Four graduate students crunch their way to data-modeling title

From left, Armi Thassim, Pritha Sinha, Nan (Miya) Wang and John DeMartino – known as The Shooting Stars – winners of the 2016 March Data Crunch Madness competition.

From left, Armi Thassim, Pritha Sinha, Nan (Miya) Wang and John DeMartino – known as The Shooting Stars – are winners of the 2016 March Data Crunch Madness competition.

The four Fordham graduate business students who won this year’s March Data Crunch Madness competition called themselves “The Shooting Stars.”

And just like the Villanova University basketball player who poured in a three-pointer with no time on the clock to win the NCAA championship this year, the stars at Fordham shot with deadly accuracy when it came to data modeling.

The competition featured more than a dozen teams seeking to create a data model that would predict the results of the NCAA men’s basketball tournament. What distinguishes the success of The Shooting Stars – Armi Thassim, Pritha Sinha, Nan (Miya) Wang, all MSBA ’16, and John DeMartino, MSIS ’16 – is that 75 percent of the team knew nothing at all about basketball.

“When we first sat down, I had to explain what basketball was: the rules, the concept of the tournament,” said DeMartino, the lone team member who knew the sport.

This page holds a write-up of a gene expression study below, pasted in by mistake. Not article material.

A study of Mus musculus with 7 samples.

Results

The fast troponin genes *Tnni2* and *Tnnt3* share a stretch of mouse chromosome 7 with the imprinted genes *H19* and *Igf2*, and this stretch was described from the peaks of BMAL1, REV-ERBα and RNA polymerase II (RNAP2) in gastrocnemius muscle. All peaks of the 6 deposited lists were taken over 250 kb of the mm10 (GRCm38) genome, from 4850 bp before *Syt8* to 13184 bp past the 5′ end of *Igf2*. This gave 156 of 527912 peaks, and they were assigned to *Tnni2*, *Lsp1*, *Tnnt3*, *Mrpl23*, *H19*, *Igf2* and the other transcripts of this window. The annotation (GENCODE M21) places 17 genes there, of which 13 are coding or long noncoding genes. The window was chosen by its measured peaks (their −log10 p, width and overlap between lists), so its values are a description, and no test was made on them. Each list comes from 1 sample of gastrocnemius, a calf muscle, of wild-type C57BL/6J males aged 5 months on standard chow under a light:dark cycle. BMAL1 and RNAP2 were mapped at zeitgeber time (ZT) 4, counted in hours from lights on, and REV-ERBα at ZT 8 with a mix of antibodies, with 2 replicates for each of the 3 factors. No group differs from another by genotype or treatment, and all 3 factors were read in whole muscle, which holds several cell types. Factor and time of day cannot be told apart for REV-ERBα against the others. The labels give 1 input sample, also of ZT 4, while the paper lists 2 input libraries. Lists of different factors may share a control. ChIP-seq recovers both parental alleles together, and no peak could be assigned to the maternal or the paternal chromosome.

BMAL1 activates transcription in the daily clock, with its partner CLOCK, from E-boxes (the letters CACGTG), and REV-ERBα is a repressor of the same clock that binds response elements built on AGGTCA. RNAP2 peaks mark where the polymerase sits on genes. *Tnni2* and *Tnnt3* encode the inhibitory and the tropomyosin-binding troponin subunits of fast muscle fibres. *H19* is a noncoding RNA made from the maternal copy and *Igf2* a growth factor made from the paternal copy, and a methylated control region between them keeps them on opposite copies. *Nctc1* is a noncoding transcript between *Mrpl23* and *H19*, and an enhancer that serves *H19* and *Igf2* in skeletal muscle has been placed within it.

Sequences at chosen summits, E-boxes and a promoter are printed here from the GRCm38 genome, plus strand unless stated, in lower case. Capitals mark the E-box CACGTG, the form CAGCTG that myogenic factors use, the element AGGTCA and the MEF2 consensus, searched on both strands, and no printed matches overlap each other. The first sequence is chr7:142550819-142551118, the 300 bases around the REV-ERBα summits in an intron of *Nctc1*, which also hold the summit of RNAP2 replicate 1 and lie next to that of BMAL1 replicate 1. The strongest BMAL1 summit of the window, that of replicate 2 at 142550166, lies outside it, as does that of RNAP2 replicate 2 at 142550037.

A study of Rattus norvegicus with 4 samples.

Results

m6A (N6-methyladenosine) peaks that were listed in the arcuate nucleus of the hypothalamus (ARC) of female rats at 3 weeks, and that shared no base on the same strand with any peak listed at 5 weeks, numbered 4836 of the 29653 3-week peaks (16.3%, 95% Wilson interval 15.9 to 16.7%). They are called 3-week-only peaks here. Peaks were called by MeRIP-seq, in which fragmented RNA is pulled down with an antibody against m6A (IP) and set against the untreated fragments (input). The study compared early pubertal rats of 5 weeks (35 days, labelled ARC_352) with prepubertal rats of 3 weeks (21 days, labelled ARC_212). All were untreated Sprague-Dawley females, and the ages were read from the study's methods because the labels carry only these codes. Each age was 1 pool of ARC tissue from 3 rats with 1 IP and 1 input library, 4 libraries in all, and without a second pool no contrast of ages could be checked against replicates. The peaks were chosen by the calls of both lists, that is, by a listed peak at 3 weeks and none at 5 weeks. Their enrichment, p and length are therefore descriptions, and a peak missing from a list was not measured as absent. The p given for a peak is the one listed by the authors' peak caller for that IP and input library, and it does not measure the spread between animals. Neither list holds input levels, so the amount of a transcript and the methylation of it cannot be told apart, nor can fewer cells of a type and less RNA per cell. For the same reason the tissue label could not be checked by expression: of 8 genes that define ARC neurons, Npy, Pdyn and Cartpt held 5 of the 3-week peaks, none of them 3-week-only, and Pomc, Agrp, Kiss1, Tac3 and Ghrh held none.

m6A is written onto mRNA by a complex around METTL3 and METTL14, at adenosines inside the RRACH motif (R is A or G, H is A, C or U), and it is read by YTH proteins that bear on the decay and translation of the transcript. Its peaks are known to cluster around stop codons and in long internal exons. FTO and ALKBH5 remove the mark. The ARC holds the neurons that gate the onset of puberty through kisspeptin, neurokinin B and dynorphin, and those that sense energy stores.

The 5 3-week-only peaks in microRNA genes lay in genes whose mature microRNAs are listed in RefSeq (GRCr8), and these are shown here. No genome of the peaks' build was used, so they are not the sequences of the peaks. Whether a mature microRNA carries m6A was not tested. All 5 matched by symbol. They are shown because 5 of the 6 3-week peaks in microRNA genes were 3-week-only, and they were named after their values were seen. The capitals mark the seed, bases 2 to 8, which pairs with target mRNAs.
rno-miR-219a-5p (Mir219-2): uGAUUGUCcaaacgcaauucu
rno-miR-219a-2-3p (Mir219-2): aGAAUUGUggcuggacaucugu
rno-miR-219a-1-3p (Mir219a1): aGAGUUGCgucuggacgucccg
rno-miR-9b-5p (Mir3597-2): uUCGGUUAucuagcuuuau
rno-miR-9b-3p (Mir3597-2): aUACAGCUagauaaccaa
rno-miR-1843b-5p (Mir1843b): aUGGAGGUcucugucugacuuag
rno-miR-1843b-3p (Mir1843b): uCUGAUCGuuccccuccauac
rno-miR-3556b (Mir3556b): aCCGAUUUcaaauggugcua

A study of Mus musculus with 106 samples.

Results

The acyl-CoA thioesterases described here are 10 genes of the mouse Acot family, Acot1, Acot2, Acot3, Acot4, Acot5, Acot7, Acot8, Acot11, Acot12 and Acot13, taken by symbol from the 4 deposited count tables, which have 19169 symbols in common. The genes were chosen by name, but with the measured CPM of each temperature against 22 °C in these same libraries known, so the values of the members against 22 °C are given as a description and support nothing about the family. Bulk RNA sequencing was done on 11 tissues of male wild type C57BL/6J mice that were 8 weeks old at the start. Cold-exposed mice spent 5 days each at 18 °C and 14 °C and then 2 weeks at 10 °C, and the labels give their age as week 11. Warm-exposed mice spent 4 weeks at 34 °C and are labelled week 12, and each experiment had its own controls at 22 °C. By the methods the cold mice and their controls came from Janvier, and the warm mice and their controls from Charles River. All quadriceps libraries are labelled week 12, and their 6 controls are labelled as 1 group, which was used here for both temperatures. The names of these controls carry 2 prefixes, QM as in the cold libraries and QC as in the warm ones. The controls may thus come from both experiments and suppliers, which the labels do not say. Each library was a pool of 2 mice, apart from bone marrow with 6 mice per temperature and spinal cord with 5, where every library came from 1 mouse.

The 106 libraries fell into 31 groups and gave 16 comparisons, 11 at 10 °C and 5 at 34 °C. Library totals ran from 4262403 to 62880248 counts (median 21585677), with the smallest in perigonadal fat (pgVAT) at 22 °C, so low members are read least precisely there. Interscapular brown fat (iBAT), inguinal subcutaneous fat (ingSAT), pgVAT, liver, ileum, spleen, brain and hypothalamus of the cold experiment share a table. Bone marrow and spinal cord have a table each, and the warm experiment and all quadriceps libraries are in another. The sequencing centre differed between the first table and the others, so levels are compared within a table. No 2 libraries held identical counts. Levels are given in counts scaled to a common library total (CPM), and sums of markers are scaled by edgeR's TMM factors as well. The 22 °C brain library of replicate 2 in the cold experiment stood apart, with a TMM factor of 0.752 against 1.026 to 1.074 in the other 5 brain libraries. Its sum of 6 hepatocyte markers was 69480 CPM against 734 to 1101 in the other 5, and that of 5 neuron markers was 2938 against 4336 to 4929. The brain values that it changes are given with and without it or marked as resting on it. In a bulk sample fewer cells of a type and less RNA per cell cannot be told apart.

That didn’t hinder the team, all of whom knew one another from their data-mining class.

Using well-developed machine-learning techniques and data-mining skills, the team modeled with high accuracy: 78 percent, compared with 73 percent for last year’s winner.

Among the techniques used to improve their model were feature engineering, algorithm optimization, cross validation, and model ensemble, Wang explained.

“We’ve used Sklearn, a machine learning python package to fulfill the tasks,” Wang said. “About 2,000 lines of codes were written to do the work: data cleaning, model building and output visualization.”

The winning team was awarded $750, the second-place team won $500, and the third-place team took home $250. A $50 award also was given to each of the other teams that participated.

The competition was spread out over a number of weeks, with historical data on the tournament being released to students in February and this year’s team data given out in March.

Gabelli School of Business Dean Donna Rapaccioli said the competition was a great exercise in teamwork for the students.

“When you go out into the workforce … you’re going to realize that teamwork is really key, and this experience hopefully allows you to get to the next level in being a good team member,” she said.